Yesterday I attended the service at the Belarusian Greek-Catholic Church in London. The context, however, was rather disturbing – the Freedom Day celebrated on 25 March in Minsk turned into massive arrests and seizures of peaceful protesters. The priest from the Belarusian Catholic Mission to London marked this strongly in the sermon.
Religious institutions in Belarus reacted differently to these developments. The head of the Belarusian Catholic Church asked for a peaceful resolution and humanitarian treatment of those detained by the police. The Orthodox Church remains silent, whereas a Baptist believer appealed a petition to the authorities.
Thousands of people went yesterday on streets of Minsk holding officially unrecognised white-red-white flags and to demonstrate their commitment to the Freedom Day, also not welcomed by the authorities. Others wanted to express their dissatisfaction with the current politics.
The pictures and videos widely spread over the social media show the shocking scenes – hundreds of people were beaten by Belarusian police and detained, including elders. We shall see how many of them will have to face criminal cases.
Freedom Day on 25 March: an alternative historical narrative
This year the Belarusian authorities reacted to the planned celebrations on 25 March with the high dose of fear. Not only they did not allow the peaceful rally through the centre of Minsk to mark the Freedom Day, but also began ‘preventive’ repressions already in the beginning of March.
The local police detained over 300 social activists, journalists, opposition politicians already earlier this month. Regardless this tense situation, thousands of people went yesterday on the streets to demonstrate their solidarity, commitment to the Freedom Day and express their attitude towards the authorities.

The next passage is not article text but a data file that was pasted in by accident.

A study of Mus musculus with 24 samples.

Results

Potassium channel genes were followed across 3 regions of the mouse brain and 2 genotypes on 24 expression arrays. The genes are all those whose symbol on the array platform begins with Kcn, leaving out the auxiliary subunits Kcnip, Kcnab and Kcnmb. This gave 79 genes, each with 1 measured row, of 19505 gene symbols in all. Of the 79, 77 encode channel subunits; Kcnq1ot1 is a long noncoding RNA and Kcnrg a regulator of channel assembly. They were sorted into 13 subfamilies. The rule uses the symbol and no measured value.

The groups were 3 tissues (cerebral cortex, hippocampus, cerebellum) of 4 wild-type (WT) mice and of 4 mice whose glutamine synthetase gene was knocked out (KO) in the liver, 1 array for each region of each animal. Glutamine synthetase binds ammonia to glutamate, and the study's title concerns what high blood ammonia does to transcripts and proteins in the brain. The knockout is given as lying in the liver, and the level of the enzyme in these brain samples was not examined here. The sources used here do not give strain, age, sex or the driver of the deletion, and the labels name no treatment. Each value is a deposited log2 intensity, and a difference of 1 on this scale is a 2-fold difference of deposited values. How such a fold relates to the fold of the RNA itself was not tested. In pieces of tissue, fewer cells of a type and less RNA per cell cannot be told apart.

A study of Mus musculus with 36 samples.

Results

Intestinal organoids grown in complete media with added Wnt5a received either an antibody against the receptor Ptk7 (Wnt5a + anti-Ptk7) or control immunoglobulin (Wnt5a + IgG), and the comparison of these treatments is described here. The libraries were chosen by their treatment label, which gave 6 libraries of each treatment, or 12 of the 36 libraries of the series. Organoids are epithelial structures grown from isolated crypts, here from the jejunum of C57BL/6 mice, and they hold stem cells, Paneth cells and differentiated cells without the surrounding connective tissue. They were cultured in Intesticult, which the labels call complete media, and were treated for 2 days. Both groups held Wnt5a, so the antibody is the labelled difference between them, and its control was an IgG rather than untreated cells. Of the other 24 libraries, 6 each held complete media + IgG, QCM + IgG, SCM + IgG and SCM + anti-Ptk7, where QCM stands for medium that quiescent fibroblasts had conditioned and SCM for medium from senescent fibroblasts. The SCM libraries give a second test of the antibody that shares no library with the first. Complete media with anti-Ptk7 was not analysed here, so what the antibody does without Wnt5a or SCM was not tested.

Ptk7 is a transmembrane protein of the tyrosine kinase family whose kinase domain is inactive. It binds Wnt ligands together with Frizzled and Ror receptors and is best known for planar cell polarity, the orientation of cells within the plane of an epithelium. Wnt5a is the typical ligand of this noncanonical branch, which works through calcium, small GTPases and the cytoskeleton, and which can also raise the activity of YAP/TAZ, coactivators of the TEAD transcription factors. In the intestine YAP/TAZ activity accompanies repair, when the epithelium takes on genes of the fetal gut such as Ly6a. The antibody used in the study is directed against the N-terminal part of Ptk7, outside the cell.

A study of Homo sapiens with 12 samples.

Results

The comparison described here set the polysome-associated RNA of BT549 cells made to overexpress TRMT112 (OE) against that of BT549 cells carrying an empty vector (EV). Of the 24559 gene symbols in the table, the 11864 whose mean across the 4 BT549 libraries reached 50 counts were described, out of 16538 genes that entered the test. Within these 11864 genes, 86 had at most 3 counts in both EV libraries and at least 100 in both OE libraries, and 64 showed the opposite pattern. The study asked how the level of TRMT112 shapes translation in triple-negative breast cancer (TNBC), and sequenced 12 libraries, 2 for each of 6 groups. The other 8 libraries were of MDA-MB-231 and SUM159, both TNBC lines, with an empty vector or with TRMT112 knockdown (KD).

For the opposition, many social activists and ordinary Belarusians ’25 March’ remains the date symbolising the beginnings of the Belarusian statehood. The current authorities continue condemning this event and impose other historical narratives. I have written more about these competing narratives in the Belarusian society here.
A member of the Protestant church appealed to the authorities
Krynica.info, Belarusian religious news website, reports on an interesting initiative of the member and the lawyer of the Minsk-based Evangelical Church “New Life”, Siargey Lukanin. He launched a petition to the authorities with regards to the seizures.
He writes “[…] We law abiding people, who in their life try not to breach the law, but for us the God’s law comes first. We pray for the authorities, ask God to give every official wisdom and love for their nation, as we want to have quiet and peaceful life […]”. As for now, 1,234 people signed the petition and the number is still increasing.
Reaction of other churches towards the state’s violence
This comes as no surprise that the religious institutions often act as the intermediaries between the private and the state, as they remain part of civil society ecosystem. Also in Belarus, they enjoy rather high public profile and social trust, thus they are capable of resolving the state-society conflicts.
I was interested in the Catholic and Orthodox churches’ reaction. On the website of the Orthodox Church I could not find any reference to the yesterday’s events.
The website Catholic.by published an official statement of the head of the Belarusian Catholic Church, Metropolitan Kandrusievich who happened to return from America. He calls
“[…] the authorities and their opponents, but also the civil society organisations and people with different views to hold a constructive dialogue in order to resolve the present problems for the good of our nation and the consolidation of the society […]”.
Further, he comments on those who were detained by the police: “I hope that […] they will be treated in a humanitarian and just way and I hope they will return home soon”.
Certainly, the political setting in Belarus has a serious impact on the society-oriented activity of all religious institutions. I am curious whether priests (and other figures) did refer to these developments in today’s preaching. Also, I hope to explore more the churches’ approach towards the social protests in the next posts.